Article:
Atopic dermatitis, also called atopic eczema or just eczema, is a long-lasting inflammation of the skin. It is also called the "itch that rashes." The itch promotes scratching, scratching leads to further irritation, the irritation causes a rash, and so on in a continuous cycle.
Individuals with this form of eczema usually have hay fever, a food allergy, or some other allergy, or have a family member with one.
The rash changes with age. It is common in infancy, when it appears as inflamed, weeping patches or crusty areas on the face, neck, and groin. In childhood and adolescence, the rash is found mainly in the folds of the skin. In adults, it usually becomes limited to one area of the body, such as the hands.
Atopic dermatitis sometimes goes away on its own.
Symptoms of atopic dermatitis and eczema
Symptoms of atopic dermatitis and eczema are generally limited to the skin. They include:
- patches of dry, itchy skin that may become red, swollen, and painful
- scratching makes it worse
- fluid may ooze from the rash
- the rash may crust over
At times the condition may suddenly get worse. This is called a flare-up. Then the skin may heal and it looks as though the eczema has disappeared. This is called remission.
Treating atopic dermatitis/eczema
Trying not to scratch or rub the itchy area is an important part of treating this condition, though that it easier said than done. Scratching can break the skin, allowing bacteria, fungi, and other microbes to enter and cause infection. Moisturizing the skin can help prevent itchiness.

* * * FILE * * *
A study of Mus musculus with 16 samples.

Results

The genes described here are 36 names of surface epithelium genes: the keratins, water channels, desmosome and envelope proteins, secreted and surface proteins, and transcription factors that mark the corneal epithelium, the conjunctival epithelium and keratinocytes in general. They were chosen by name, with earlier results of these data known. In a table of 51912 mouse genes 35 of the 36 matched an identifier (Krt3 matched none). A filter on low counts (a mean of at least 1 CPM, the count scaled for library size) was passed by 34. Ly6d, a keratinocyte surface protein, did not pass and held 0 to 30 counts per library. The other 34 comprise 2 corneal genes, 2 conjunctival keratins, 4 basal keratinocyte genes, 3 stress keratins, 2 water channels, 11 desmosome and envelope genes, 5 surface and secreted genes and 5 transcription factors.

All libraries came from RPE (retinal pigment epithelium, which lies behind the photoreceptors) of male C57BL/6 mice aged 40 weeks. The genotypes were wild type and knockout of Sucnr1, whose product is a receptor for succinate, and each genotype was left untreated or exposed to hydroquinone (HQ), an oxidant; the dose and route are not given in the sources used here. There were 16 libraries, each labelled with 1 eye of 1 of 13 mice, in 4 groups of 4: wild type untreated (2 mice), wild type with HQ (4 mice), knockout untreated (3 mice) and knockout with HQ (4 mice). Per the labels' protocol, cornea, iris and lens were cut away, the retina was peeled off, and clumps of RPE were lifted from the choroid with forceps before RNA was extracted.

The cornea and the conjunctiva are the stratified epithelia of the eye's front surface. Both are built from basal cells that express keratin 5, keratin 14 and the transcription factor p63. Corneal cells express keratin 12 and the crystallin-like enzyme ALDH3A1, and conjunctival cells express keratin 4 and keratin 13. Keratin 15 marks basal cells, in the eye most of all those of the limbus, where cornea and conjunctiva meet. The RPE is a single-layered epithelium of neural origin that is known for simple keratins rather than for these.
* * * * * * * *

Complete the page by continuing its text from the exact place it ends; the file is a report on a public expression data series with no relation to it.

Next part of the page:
Applying a prescription corticosteroid cream or ointment to the rash can reduce itching and inflammation. It's best to use these immediately after showering or washing.
Antihistamines that reduce itching, like hydroxyzine (Vistaril, Atarax, others) can ease the urge to scratch the rash.
When other treatments don't work, drugs called immunomodulators may be needed. Two drugs in this class are tacrolimus (Protopic) and pimecrolimus (Elidel). These drugs, both applied as ointments, help keep the immune system from overreacting when stimulated.
Some people believe that a food allergy causes eczema or makes it worse, but this is still a controversial idea. Foods that have been linked to eczema include
- cow's milk and other dairy foods
- soy beans and foods made from them
There is no reliable test for identifying if a food is linked to eczema, nor is there a specific diet for treating it.
One way to experiment is to keep a diary of daily food intake and eczema symptoms. If you notice a connection between a particular food and worsening symptoms, stop eating that food for several weeks. If eczema fades away, perhaps it is connected. To make sure, try eating it again. If nothing happens, then the food may not have been playing a role. If eczema does return or worsen, then it may be linked.